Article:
How does combine athleticism translate to on-field production?
The NFL scouting combine drills kick off later this week in Indianapolis, and with them comes a whole new set of data to analyze. What do the results of these drills really mean, though? Let’s examine all the events, the positions they matter the most to, and how that translates to the NFL.
The sexiest drill of all, the 40-yard dash grabs the headlines, and running a 4.4 gives you bragging rights for the rest of your life. The problem is that only a few positions will regularly run 40 yards in a straight line on a football field. Wideouts, tight ends, safeties, and cornerbacks are the most common, and to those positions, the drill has legitimate value. Slow corners can’t make up ground if they lose it, and slow receivers have to be superb route-runners to separate downfield. Obviously speed matters to numerous other positions, but it doesn’t carry nearly the weight.
The 3-cone drill is the real MVP of the NFL combine. A slow 3-cone is the kiss of death for almost every position besides offensive line in the NFL. Why, you ask? Because the ability to turn and accelerate quickly and efficiently is one of the key tenets of football. It’s a defensive end turning the corner on a tackle, a safety breaking on a corner route, and a running back cutting upfield. Unsurprisingly, Pittsburgh’s Le’Veon Bell ran the 11th-best 3-cone of any running back in the past 10 years, at 6.75 seconds, and he was the only back among the top 30 to weigh over 220 pounds (he was 230). Cornerback Darrelle Revis ran a 6.56 cone at 204 pounds back at his pro day in 2007. If I had to pick one drill to look at, it’s this one.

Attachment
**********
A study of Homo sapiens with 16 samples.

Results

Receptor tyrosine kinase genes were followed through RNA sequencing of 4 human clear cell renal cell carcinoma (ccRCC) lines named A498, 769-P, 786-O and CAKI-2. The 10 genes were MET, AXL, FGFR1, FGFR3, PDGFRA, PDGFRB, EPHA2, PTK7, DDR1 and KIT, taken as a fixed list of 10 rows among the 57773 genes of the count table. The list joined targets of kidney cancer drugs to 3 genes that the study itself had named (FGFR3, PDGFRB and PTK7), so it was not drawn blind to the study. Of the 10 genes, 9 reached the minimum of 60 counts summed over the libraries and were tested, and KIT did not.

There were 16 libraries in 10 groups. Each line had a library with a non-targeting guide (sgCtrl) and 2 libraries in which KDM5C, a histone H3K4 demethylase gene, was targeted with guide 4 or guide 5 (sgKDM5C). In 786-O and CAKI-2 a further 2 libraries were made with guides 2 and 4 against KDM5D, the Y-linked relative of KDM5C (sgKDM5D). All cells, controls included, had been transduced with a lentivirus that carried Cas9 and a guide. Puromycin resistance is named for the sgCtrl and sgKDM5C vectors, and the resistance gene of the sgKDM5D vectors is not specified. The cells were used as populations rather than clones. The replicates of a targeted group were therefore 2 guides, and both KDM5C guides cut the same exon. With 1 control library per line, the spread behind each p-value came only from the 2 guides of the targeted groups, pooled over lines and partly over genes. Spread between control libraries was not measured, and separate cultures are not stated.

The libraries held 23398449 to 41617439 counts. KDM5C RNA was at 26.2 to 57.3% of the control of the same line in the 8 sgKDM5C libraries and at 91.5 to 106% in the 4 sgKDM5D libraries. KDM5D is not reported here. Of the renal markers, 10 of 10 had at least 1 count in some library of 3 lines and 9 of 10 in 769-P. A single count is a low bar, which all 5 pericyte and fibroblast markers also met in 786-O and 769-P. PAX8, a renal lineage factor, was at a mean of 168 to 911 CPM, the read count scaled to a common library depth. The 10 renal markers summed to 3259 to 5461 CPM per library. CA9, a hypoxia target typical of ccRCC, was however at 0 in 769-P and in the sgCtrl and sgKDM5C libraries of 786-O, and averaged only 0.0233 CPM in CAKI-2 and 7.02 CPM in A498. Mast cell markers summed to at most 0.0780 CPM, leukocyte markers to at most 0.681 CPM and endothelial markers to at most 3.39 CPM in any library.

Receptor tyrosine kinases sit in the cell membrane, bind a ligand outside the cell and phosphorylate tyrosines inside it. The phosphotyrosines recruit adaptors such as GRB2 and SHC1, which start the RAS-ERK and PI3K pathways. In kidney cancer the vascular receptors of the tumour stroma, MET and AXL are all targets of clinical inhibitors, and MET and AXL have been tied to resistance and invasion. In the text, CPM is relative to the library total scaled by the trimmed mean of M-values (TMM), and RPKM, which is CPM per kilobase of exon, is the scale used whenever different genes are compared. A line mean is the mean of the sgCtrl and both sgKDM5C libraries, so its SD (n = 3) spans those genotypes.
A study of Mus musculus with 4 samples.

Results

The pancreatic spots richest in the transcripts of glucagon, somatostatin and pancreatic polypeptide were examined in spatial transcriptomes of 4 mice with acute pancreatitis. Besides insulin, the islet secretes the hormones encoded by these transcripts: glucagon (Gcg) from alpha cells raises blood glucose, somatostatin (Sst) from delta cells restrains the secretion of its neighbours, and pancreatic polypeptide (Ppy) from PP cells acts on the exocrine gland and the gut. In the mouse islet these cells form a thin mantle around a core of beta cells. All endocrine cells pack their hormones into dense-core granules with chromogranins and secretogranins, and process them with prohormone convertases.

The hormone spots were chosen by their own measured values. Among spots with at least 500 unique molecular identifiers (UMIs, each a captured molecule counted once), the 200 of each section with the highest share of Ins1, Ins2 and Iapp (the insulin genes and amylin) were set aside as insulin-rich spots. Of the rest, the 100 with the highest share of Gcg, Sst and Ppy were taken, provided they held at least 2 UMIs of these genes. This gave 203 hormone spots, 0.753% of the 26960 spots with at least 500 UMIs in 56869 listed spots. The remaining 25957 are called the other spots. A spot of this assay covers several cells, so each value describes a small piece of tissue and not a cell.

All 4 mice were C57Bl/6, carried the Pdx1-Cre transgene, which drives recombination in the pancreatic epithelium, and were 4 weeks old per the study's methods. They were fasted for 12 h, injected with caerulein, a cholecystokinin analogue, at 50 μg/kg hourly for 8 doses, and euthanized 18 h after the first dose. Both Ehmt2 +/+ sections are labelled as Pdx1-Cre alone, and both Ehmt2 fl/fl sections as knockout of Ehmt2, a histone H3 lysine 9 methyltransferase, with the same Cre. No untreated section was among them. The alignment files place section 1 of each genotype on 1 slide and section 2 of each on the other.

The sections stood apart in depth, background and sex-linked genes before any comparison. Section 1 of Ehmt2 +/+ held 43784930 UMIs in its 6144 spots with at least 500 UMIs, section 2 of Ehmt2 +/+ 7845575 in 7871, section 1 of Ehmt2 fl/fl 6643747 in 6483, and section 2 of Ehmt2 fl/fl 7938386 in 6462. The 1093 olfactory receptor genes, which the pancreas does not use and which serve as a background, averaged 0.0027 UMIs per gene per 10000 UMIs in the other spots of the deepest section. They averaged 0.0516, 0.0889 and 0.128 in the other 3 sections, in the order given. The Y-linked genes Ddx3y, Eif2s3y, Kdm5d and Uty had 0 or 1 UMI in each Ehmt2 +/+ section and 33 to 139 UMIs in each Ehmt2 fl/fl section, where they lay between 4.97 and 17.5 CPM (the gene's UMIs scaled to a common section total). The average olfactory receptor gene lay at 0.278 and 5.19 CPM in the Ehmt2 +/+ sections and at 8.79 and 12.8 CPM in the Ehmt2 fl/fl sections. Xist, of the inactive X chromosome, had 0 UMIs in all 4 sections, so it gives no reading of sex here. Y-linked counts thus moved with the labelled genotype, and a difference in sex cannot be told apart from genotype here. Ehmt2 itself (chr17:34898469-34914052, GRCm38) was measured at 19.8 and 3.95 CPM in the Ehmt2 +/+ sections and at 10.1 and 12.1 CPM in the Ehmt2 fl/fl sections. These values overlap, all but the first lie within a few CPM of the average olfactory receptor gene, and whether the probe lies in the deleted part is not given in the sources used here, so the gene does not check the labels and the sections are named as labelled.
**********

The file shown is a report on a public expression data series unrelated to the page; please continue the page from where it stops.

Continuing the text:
The shuttle can be used in tandem with the 3-cone drill under the umbrella of change-of-direction skills. Their combined percentile can give one a good picture of how well a guy plays in space.
225-pound bench press
Putting up 30 reps on the bench looks sick at your local gym, but truthfully, there’s not a huge translation to the NFL. The reason being that it doesn’t quite measure functional football strength effectively. Core and length strength is far more important in the NFL than chest and triceps. Obviously outliers on either end of the spectrum should be examined, but even then, it’s rarely a deal-breaker. Bears center Cody Whitehair put up 16 reps last year, the lowest of any offensive lineman at the combine, and then became the sixth-highest-graded center in the league as a rookie.
Vertical jump and broad jump
I put these together because they measure the same thing: explosiveness. While it’s not technically its own drill, I put these together because they measure the same thing: explosiveness. While it’s not technically its own drill, the 10-yard split of the 40-yard dash could also be placed in this category, as it measures the same thing. Truthfully these drills have application to nearly every position on the football field. One shouldn’t be surprised to know that Arizona’s David Johnson and Miami’s Jay Ajayi recorded 41.5-inch and 39-inch verticals, respectively, the way they shed through arm tackles. Same with Khalil Mack’s 10’8” and Von Miller’s 10’6” marks in the broad jump, given the way they burst off the line of scrimmage. Explosion equals good things no matter who you are.
Few players even choose to participate in this drill, and, truthfully I don’t even look at it.
Out of every number recorded at the combine, these probably take more players off of draft boards than any other. Arm length for offensive tackles is the most widely publicized of the positional requirements. Short-armed tackles in college become guards in the NFL. Teams also have height cutoffs that exist for a handful of positions, most notably cornerback. And who can forget this time a year ago when everyone was obsessed with the hand size of NFL quarterbacks (though small hands do lead to more fumbles). Remember to stretch out your shoulders and massage those hands, everybody.